Antonio Masiello is an award-winning Italian photojournalist who photographed the hero image for 6 Degrees Citizen Space 2017. He shared with us some context about this photograph that was hurriedly caught before lending a helping hand to refugees disembarking along a treacherous seawall.

Refugees and Migrants aboard fishing boat driven by smugglers reach the coast of the Greek Island of Lesbos after crossing the Aegean sea from Turkey on October 11, 2015. The number of people arriving here has surged in October to what officials attribute efforts to make the trip before the weather turns cold in winter. According to the island's Ministry of Interior, nearly 30,000 people landed here during the first week of October alone, adding to the 160,000 who arrived in September. Most of the new arrivals are from Syria, with large contingents from Afghanistan, Iraq, Eritrea and North African nations. European governments are under pressure to help genuine refugees while limiting the number of economic migrants entering the European Union.

Refugees and Migrants aboard fishing boat driven by smugglers reach the coast of the Greek Island of Lesbos after crossing the Aegean sea from Turkey on October 11, 2015. Photo: Antonio Masiello

I was documenting the European migrant crisis in Lesbos, Greece, where an alarming number of Syrians, Afghans and Iraqis were paying thousands of dollars to reach the island, the first step of their journey to find asylum and dignity. Unfortunately not all of them were able to continue their journey and thousands have died in the Aegean Sea.

Driven by curiosity and a desire to understand why the European Union was still trying to handle this emergency with no success, I left for Greece.

It was October 11, lunch time, and landings continued uninterrupted along Lesbos’s coast. I was with a group of colleagues when we saw and heard from a distance a boat that was coming into a particularly difficult coastline. We had been on the island for four days and in that moment, we knew that something was going to happen. We all ran into the water following the boat’s steerer.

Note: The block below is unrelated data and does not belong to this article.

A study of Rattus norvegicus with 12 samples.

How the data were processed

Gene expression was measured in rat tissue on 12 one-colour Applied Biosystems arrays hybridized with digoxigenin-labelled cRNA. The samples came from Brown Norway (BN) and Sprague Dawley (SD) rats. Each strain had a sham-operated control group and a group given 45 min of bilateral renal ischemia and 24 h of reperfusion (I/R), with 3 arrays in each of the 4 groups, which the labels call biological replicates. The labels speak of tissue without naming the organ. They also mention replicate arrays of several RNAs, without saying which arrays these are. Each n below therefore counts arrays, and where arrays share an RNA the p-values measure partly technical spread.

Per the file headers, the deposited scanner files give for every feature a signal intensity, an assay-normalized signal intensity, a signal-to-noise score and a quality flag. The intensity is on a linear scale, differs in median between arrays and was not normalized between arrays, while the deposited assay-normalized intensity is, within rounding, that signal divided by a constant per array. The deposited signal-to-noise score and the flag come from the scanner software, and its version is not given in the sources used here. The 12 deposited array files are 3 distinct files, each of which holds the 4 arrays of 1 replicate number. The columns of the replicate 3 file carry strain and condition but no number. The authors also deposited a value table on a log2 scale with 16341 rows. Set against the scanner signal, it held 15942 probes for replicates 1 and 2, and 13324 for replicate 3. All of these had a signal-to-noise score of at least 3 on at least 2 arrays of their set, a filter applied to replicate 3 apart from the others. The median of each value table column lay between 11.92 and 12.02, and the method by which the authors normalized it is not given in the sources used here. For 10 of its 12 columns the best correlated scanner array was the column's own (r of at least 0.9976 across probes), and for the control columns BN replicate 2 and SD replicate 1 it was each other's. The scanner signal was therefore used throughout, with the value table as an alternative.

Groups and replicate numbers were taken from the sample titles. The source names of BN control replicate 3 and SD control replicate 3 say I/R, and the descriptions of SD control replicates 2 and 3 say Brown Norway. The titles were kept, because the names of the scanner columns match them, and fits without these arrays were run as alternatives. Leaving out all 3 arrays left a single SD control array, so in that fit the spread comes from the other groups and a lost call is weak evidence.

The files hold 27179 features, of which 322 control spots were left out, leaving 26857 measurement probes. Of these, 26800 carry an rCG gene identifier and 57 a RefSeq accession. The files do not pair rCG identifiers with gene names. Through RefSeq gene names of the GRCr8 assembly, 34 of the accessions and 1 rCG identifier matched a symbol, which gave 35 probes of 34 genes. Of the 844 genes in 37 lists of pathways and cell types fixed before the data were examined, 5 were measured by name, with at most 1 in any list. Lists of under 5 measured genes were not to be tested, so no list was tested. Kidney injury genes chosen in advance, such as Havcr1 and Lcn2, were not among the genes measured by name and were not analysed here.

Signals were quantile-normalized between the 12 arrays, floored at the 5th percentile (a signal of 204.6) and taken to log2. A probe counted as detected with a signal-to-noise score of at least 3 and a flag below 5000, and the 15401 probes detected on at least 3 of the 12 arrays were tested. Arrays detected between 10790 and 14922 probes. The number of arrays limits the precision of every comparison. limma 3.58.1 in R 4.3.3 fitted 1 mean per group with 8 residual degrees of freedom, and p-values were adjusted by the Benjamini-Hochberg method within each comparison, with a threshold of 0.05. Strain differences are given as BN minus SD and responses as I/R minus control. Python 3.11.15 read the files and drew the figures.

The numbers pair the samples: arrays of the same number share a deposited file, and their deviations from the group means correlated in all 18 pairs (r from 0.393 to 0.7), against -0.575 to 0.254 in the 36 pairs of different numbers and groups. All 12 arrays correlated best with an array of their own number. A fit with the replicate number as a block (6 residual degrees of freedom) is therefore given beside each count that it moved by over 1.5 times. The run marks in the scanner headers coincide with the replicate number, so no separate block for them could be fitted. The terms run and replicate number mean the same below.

I found myself facing a Dantesque scene: screams, cries, women, children and men shouted for help. The smuggler who illegally drove the fishing boat full of families tried deliberately to disembark over the most difficult point of the coast to not attract much attention. Disembarking them more like goods than people, he then left heading to Turkey, probably just for another roundtrip.

Immediately, some volunteers helped the children and then with the help of a ladder, helped the rest of the refugees get off the boat.

I took this photo from a small rock perfectly perpendicular to the boat. I can’t say I chose this cliff, but now I can say it was a perfect spot. I did not have much time to take the picture because helping those people get off the vessel was the priority for everyone. I put my camera down after a few shots, and I started to help people. I did not immediately realize that they were good pictures.

The impact of this sort of situation is not something you realize immediately. Immediately you are too busy to think about it. I realized at the end of the day when I saw the photo. It was probably the first time I felt so involved and I was full of sadness, and felt powerless.

I am very attached to this photo, not only for personal reasons but also because it gives to history such a powerful image, which I think is fundamental for everyone to understand what is going on.

Read CEO Charlie Foran’s account of how we selected Hand of God as the hero image for 6 Degrees Citizen Space 2017

About Antonio Masiello:

Antonio Masiello helps refugees on the island of Lesbos (far right) Photo: Johannes Moths

Antonio Masiello (far right) and others help refugees on the island of Lesbos. Photo: Johannes Moths

Antonio Masiello was born in Rome on 1987. After studying photography at Cine-Tv R. Rossellini school in Rome, in 2013 he became a journalist and began to work as a freelance photojournalist. He has traveled to Kosovo, Lebanon and Iraq to document the foreign missions of the Italian Army. His work covering refugees won the award of excellence at Picture of the Year International and other international awards. Currently Masiello is independent and photographs national and international general, spot and breaking news.